On this edition of Pac-12 Friday, we find ourselves looking at a year of a split national title scenario involving a team from the Conference of Champions. That makes this week’s analysis of league MVPs from both the Pac-10 and the B1G even more exciting, right? Right, and quite complicated, too, as we confirmed none of the original winners (spoiler!)
On with the show … there’s not a moment to lose.
1991 Pac-10 MVP: Mario Bailey, WR, Washington (original); Russell White, RB, California (revised)
The Washington Huskies went 8-0 in league play to distant themselves from California, Stanford, and UCLA—all which posted 6-2 conference records. Huskies wide receiver Mario Bailey took home MVP vote honors as he caught 17 touchdown passes while accumulating 1,037 receiving yards, too. His team was clearly the best, reaching No. 2 in the Associated Press poll, so does he have any competitors here?
Well, the best quarterback in the Pac-10 was Washington’s Billy Joe Hobert, who topped his peers in QB rating (146.1) and TD passes (22). And Stanford running back Tommy Vardell led the league in rushing yards (1,188), scrimmage yards (1,426), and scrimmage TDs (22), too. That’s some serious competition. But the Huskies also had RB Beano Bryant (1,035 scrimmage yards and 8 TDs).
Yet the Cardinal fielded QB Steve Stenstrom (141.6 rating, 15 TDs) and RB Glyn MIlburn (1,121 scrimmage yards). Both offenses were loaded, so what about the Golden Bears or the Bruins? UCLA had its own set of triplets, but Cal only had a dynamic duo: QB Mike Pawlawski (141.1 rating) and RB Russell White (1,316 scrimmage yards and 16 TDs). The Golden Bears finished No. 8 in the country, by the way.
Cal lost to Washington by just 7 points on the road, and with the Top 10 finish, the Golden Bears were carried by White, for the most part. He was the big star, while Pawlawski and the WR corps just benefitting from the association. We’re going with White here for the league MVP honors; by the way, he is the nephew of former USC star and Heisman winner Charles White.
1991 B1G MVP: Desmond Howard, WR, Michigan (original); Vaughn Dunbar, RB, Indiana (revised)
The Michigan Wolverines posted an 8-0 record to win the conference title, with only the Iowa Hawkeyes (7-1) coming within 3 games of the top spot. That limits our pool of candidates here, and Michigan WR Desmond Howard won the MVP honors at the time, as well as the Heisman Trophy, actually. He only gained 1,165 yards from scrimmage, but he scored 23 TDs—including two on punt/kick returns.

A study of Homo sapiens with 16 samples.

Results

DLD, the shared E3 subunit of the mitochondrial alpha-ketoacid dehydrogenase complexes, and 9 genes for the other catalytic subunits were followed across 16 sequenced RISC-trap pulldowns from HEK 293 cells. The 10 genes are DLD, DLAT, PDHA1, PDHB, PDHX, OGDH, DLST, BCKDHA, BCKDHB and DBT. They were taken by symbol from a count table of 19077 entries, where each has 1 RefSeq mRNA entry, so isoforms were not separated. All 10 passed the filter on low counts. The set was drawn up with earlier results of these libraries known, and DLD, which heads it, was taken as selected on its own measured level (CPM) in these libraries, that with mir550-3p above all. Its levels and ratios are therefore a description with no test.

Interestingly enough, Howard only finished sixth in the conference for scrimmage yards, and he only totaled 694 return yards—which means he still didn’t have more total yards than Indiana Hoosiers RB Vaughn Dunbar (2,068 scrimmage yards). Heck, Howard didn’t even gain 1,000 yards receiving, despite catching 19 TD passes. It’s quite a strange statistic line, in truth, and one we do not like at all.
Michigan QB Elvis Grbac (161.7 rating) topped the conference with 25 TD passes, so it’s like all he did was look for Howard. RB Ricky Powers also ran for 1,197 yards for the Wolverines, so it just seems like Howard was the beneficiary of the situation, rather than the engine that made the offense work so well.
So, we actually like Dunbar a lot more for value, as Indiana went 5-3 in conference and won a bowl game, mostly on his shoulders. Michigan was clearly loaded, and Howard’s success was circumstantial, in essence. It’s going to be an unpopular decision, but Dunbar is our pick for the real MVP here, as the Hoosiers’ best receiver had over 300 yards less receiving than Howard did, without a top QB.
1992 Rose Bowl MVP: Billy Joe Hobert, QB, Washington & Steve Emtman, DT, Washington (original, tie); Donald Jones, LB, Washington (revised)
A matchup between the No. 2 and No. 4 teams turned into a blowout as a second-half surge by the Huskies blew open a close game. With the 34-14 victory, Washington claimed part of the MNC, while Michigan went home from Southern California licking its wounds once again. There was a tie for the MVP vote between Hobert and Huskies defensive tackle Steve Emtman.
Washington held Howard to just one reception for 35 yards, and Bailey even mocked Howard’s Heisman win when he scored a TD to put the Huskies up 34-7 in the fourth quarter. Michigan gained just 205 total yards—including just 94 through the first three quarters before the second stringers let the Wolverines score in the fourth.
Here’s the deal: Hobert threw two TDs and ran for one, but his backup—Mark Brunell, last year’s voted Rose Bowl MVP—went 7-for-8 with 89 yards and a TD, too. It seems like anyone could have played QB against the Michigan defense in this one. What about Emtman? Well, defensive stats aren’t readily available, but he was the leader of the defense—and the eventual No. 1 overall pick in the NFL Draft.
But Grbac—the nation’s top-rated QB during the regular season—was sacked three times by Washington linebacker Donald Jones in this game. We’re going with Jones, surprisingly, because we can.